EU chief issues 'heartfelt' apology to Italy for delay in coronavirus help

European Commission President Ursula von der Leyen says 'no one was ready' for the outbreak

The President of European Commission Ursula Von der Leyen keeps distance as she talks with an European Deputy before a mini plenary session of European Parliament in Brussels, on April 16, 2020 amid the spread of the COVID-19 pandemic, caused by the novel coronavirus.  Due to the coronavirus pandemic, plenary session is reduced to one day and mainly operated as a video conference. / AFP / JOHN THYS

In a speech to the European Parliament, Ursula von der Leyen said Europe was not prepared for the outbreak, which resulted in more than 21,000 deaths in Italy, the hardest-hit country.

"It is true that no one was really ready for this. It is also true that too many were not there on time when Italy needed a helping hand at the very beginning," she said.
"And yes, for that, it is right that Europe as a whole offers a heartfelt apology."

Italy has complained that other EU member states have been slow to help.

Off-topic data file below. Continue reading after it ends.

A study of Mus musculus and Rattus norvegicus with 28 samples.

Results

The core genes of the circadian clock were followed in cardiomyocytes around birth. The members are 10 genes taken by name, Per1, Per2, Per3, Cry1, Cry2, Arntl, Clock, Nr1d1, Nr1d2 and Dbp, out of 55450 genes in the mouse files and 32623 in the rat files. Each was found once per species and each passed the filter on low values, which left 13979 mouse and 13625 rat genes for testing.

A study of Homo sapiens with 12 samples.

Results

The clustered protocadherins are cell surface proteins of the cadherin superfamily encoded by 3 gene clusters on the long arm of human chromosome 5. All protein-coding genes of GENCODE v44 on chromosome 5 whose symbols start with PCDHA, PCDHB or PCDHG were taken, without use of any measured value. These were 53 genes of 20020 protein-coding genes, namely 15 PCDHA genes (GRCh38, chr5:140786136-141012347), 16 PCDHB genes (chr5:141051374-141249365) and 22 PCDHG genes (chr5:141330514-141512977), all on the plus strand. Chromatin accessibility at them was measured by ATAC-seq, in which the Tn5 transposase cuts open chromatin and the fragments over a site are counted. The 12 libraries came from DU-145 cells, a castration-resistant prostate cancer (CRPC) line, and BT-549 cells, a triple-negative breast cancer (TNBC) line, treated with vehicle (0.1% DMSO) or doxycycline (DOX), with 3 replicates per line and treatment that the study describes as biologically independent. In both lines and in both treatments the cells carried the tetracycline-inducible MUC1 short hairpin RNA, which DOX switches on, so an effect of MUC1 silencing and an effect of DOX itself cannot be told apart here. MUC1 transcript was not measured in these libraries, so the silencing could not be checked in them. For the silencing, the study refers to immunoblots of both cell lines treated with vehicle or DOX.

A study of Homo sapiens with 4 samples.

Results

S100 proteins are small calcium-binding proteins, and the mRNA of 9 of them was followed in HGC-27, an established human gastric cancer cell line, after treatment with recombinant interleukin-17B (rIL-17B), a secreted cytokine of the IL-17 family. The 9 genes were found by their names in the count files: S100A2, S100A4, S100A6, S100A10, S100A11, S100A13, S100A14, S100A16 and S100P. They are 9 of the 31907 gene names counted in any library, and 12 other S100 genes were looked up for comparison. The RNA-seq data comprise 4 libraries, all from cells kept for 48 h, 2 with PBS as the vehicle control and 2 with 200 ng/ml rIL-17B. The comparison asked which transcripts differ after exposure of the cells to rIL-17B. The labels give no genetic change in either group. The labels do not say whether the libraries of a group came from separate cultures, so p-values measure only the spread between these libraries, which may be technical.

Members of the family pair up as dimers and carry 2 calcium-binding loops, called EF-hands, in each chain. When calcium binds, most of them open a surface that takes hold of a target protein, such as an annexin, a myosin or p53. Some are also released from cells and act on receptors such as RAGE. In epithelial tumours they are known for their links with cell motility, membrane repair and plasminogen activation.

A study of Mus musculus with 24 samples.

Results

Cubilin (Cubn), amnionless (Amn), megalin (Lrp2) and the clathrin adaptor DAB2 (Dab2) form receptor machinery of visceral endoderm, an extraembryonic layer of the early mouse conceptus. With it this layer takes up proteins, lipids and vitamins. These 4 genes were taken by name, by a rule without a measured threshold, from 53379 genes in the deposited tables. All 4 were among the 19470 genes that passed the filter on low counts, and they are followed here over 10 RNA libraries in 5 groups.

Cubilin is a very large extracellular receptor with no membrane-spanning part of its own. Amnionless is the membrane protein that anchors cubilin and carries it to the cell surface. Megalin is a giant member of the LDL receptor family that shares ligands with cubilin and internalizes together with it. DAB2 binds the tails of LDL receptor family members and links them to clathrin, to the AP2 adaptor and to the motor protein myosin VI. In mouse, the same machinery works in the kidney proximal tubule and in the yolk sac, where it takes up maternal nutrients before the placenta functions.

In early March it had asked for supplies of protective equipment but it took a week for the first offer of EU help to come.

Instead, China, Russia and Cuba came to Italy’s aid.

Mrs Von der Leyen said the EU had now shown its "solidarity".

"Saying sorry only counts for something if it changes behaviour," she said.
"The truth is that it did not take long before everyone realised that we must protect each other to protect ourselves. And the truth is too that Europe has now become the world's beating heart of solidarity.

"The real Europe is standing up, the one that is there for each other when it is needed the most. The one where paramedics from Poland and doctors from Romania save lives in Italy. Where ventilators from Germany provide a lifeline in Spain and where patients from Bergamo are flown to clinics in Bonn."

She told parliament that the EU budget will be the "mothership" of Europe's recovery from the outbreak.

"There is only one instrument we have that is trusted by all Member States, which is already in place and can deliver quickly," she said.

"It is transparent and it is time-tested as an instrument for cohesion, convergence and investment and that instrument is the European budget.
"The European budget will be the mothership of the recovery."